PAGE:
For a young player, this can be a motivating or debilitating factor, depending on the makeup of the player. For this first piece, Kyle Blanks is the player on the clock.
Blanks is a player who has the opportunity and potential to fill a huge void in a desperate area of need for the San Diego Padres: offensive production.
His minor league numbers are impressive: 2013 AB, .305/.392/.513 (.905 OPS). Here's a former Padre slugger's MiLB numbers for comparison: 2480 AB, .296/.365/.448...yep...Adrian Gonzalez...one of the game's premiere hitters. The thing is, I could rattle off a handful of other star players with similar or worse minor league numbers.
I guess the real question is...how do we know when a guy's minor league numbers will translate into the big leagues? I suppose if I had the answer to that question, I wouldn't be running a blog where 40 hits in one day is cause for celebration...ha!
To me, Blanks has all that is needed to become a superstar. He's got the build and the athleticism. He can crush the ball and play solid defense. Oh, and he runs well (notice, I didn't say: "...for a big guy."). He has the demeanor and the work ethic to realize all the potential he's been blessed with.
So far, however, the MLB numbers don't bear out: 420 AB, .219/.315/.424 (.739 OPS).
Why? I'm sure there are a lot of reasons; however, one that jumps out is his K%. In 2008, Blanks put up one of his best seasons in AA San Antonio. He hit .325 with 20 HR and 107 RBI in what many consider to be a pitcher-friendly league and stadium. It tends to be the proving ground for Padres minor league hitters. Even more impressive, to go along with the power, Blanks didn't swing and miss all too often. His K rate of 15.9% was a career-best.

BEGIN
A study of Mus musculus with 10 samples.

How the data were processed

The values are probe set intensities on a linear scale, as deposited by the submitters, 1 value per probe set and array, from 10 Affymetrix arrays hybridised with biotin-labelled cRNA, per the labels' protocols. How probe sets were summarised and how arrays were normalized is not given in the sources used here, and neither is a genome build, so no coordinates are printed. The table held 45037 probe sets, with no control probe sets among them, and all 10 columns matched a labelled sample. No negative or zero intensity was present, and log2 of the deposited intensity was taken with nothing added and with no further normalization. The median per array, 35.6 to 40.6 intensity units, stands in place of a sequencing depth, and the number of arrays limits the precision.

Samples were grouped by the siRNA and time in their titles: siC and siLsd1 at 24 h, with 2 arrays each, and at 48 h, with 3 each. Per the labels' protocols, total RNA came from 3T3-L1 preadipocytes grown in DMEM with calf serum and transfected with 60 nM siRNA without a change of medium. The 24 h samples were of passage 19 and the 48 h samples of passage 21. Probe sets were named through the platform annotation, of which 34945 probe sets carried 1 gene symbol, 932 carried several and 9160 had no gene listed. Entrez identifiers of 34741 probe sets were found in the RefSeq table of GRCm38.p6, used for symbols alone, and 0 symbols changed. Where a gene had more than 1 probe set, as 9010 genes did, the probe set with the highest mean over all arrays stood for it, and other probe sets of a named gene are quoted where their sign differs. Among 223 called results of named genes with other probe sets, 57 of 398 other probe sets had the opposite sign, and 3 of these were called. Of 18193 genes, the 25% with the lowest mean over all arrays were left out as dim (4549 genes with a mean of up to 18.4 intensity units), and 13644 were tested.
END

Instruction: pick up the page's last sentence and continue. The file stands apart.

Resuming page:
Unfortunately, those numbers took a turn for the worse. In 2009, at AAA Portland, that rate jumped to 22.5%. To be followed by 32.0% after a call-up to San Diego. Not much improved in 2010 as Blanks worked his way back from the DL. His rate in Hi-A was 27.3% and then 25.0% in AAA. For the Padres, during that season, Blanks struck out a career-worst 38.3% of the time. That's Mark Reynolds territory (ML worst 42.3% in 2010)...which is fine if you're launching plenty of moonshots as well. Blanks was not.
Finally, 2011 didn't show much improvement, either, as he started out with a respectable 20.4% in AA, jumped to 24.3% in AAA, and then up again to 26.8% as a Padre. Granted, these numbers are not tremendously higher than league average, but the point here is that Blanks is at his best when his K-rate is down. Duh, right?
If it's that simple to identify a problem, why can't it be that simple to fix it? That's the 64,000 dollar question for me.
I'm sure there are a number of issues at play as to why a guy's K rate jumps over time. Better pitching is probably the number one reason. However, AA is typically a place where players make it or break it, and Blanks clearly destroyed it at that level against quality pitching prospects. Maybe it's the pressure of the Show. He knows the eyes are on him and the clock is ticking. Maybe it's the coaching. Are they more hands-off or more hands-on as you move up the levels?
Maybe it's the playing time. Blanks played consistently at three levels from 2006-2008: 308 AB at Ft. Wayne (Lo-A), 465 AB at Lake Elsinore (Hi-A), and 492 AB at San Antonio (AA). His K%'s were, respectively: 22.0%, 18.5%, and 15.9%. So, is the evidence suggesting that he may have been rushed, or does he simply need to be given a full season to showcase what he has?
I'd believe it's the latter. I'd like to see Blanks given the full-time, starting LF position (1B will work, too) from the season's get-go. Run him out there every day and let the results come. The club did this with Headley, and the results are paying off. The same is true with Maybin. Blanks can be that guy. Run him out there without the fear that he'll lose his job and judge from the results.
3...2...1...liftoff! (okay, that was cheese...at least I didn't say anything about "shooting Blanks"oooh...check that title!)